Notes from a Medical Student:

Obstetrics Training

As the sun sets behind the Dayton skyline, I come in from the chilly fall air and begin my next 12 hours on Labor and Delivery. As I follow around the interns, I try my best to follow the logic that leads one from evidence to action. Learning to span this gap is the purpose of these two clerkship years. Unfortunately it isn't so easy, because from my eyes this movement is almost instinctual to residents, making me wonder if it ever will be so for me. So I do what every good medical student does in the meantime…I wait…read…study…get some coffee…read again…check back. The life of a medical student in the clerkship years is spent mostly in limbo. You begin to feel like you're waiting at a train station that has no scheduled stops. Hoping and squinting off into the distance so that you can catch just one train. You get excited when a whistle blows, but realize that there is no train, or that the train just isn't stopping for you. This is very true of a rotation in Ob/Gyn, where I sit waiting to hear that whistle.

Then, in the late evening, they page me for a delivery. I shake off the daze I was in and move quickly to the room. Despite how it appears on this end, mom is doing quite fine on the other. So I find my place holding a leg here, grabbing things there, or simply watching and keeping my eyes and ears open. The delivery goes smoothly, with the normal progression of hair giving way to a head, to a neck, a body next, and feet at the end. Excitement, humility, joy, concern, satisfaction, and relief fill the room in a heavy, humid air. But the work goes on. Still two beings to care for, only now they are separated by several feet, instead of nothing at all.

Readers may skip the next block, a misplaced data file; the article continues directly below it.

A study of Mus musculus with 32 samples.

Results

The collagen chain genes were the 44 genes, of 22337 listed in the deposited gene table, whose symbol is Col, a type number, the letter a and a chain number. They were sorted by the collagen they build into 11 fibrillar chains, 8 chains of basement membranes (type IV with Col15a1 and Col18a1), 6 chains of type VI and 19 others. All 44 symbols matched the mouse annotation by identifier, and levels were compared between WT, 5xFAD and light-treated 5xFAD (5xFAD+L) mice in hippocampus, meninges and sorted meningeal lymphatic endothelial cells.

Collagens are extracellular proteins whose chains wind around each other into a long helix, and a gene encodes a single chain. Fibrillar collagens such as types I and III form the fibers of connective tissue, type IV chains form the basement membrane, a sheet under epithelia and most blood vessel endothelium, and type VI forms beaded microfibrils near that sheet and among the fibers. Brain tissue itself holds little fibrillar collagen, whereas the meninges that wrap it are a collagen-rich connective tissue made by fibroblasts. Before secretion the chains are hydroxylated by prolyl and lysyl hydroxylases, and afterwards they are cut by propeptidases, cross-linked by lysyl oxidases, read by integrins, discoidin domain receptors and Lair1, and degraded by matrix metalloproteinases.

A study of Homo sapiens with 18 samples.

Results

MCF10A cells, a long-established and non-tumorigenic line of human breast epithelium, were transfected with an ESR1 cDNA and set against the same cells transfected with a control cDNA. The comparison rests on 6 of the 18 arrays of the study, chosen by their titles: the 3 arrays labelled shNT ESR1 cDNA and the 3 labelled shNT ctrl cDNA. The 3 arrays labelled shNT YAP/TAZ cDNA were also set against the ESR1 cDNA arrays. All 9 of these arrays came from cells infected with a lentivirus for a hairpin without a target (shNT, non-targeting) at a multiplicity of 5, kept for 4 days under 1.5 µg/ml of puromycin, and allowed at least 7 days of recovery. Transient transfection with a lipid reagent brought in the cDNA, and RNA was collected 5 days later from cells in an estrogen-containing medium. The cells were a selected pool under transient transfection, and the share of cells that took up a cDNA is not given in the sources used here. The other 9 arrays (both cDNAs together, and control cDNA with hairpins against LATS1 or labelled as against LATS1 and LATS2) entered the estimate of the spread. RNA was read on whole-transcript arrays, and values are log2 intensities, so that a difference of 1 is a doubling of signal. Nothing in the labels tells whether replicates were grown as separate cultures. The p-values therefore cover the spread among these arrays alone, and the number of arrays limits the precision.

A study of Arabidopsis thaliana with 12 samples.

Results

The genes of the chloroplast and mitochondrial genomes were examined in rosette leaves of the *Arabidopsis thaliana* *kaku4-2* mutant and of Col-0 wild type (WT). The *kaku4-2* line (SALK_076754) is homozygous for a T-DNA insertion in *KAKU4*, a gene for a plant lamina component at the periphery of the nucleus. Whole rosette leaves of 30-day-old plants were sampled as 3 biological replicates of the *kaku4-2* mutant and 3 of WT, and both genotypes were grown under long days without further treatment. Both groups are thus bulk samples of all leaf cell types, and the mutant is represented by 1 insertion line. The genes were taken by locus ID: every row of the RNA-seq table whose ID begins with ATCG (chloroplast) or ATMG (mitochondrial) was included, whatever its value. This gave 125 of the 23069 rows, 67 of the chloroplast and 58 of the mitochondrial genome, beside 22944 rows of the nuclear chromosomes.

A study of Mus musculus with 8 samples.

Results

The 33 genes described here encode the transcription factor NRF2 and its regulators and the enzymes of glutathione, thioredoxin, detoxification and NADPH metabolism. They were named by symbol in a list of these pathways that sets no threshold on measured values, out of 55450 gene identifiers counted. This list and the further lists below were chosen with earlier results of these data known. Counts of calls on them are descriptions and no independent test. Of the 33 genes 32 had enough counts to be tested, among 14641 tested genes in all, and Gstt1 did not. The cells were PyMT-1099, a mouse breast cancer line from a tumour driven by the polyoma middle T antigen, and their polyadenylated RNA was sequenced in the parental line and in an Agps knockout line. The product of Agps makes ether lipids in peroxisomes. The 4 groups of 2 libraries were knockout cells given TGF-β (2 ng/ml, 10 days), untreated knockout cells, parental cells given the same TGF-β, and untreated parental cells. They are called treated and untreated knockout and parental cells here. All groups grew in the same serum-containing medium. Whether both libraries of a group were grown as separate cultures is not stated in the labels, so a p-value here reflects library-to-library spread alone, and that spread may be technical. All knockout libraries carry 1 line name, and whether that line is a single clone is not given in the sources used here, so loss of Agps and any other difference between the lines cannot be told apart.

As the night wears on, a young mother-to-be and her unborn begin to stride into uncomfortable areas. Heart rates go down, and quickly the decision is made for a C-section. My past rotation in surgery has prepared me for work in the OR well, so I now don the cap, gown, and boots with ease, and scrub my hands with a sense of confidence that no microbe will be left. However, after spending a month of 3-4 hour surgeries in the OR, I'm surprised by the relative quickness and rapidity of the procedure. Through the belly, into the uterus, delivery, and closing takes less than an hour.

Morning comes, and I pay a visit to the Neonatal Intensive Care Unit to check on a preterm infant of one of the mothers I'm looking after. The careful design and technology of this place awes me. It stands in my mind as a testament to the edge of reason and science that can truly change the natural pathways of life. The infant is stable, breathing well, and kicking both arms and legs, covered in soft hair, yet still so small and fragile.

I make my way back to the Rotunda in the Berry building and stand watching over the people coming and going two floors down. I watch as a young woman, baby in her arms pushes through the revolving doors and disappears. At the same time, another woman enters the building through the same revolving doors. This young woman is pregnant and looks term from where I'm standing. This is the cycle that I have to learn to live in while I'm here. But perhaps the most pressing question that I have been unable to answer is how much of all this should I let in. How much am I unable to stop from getting inside? I don't know the answers to these questions, and of course they really have no answer. So, like everything else, I'll learn by trial and error.

Suddenly, the pager on my hip beeps. The train is whistling, and I head off down the hall to Labor and Delivery.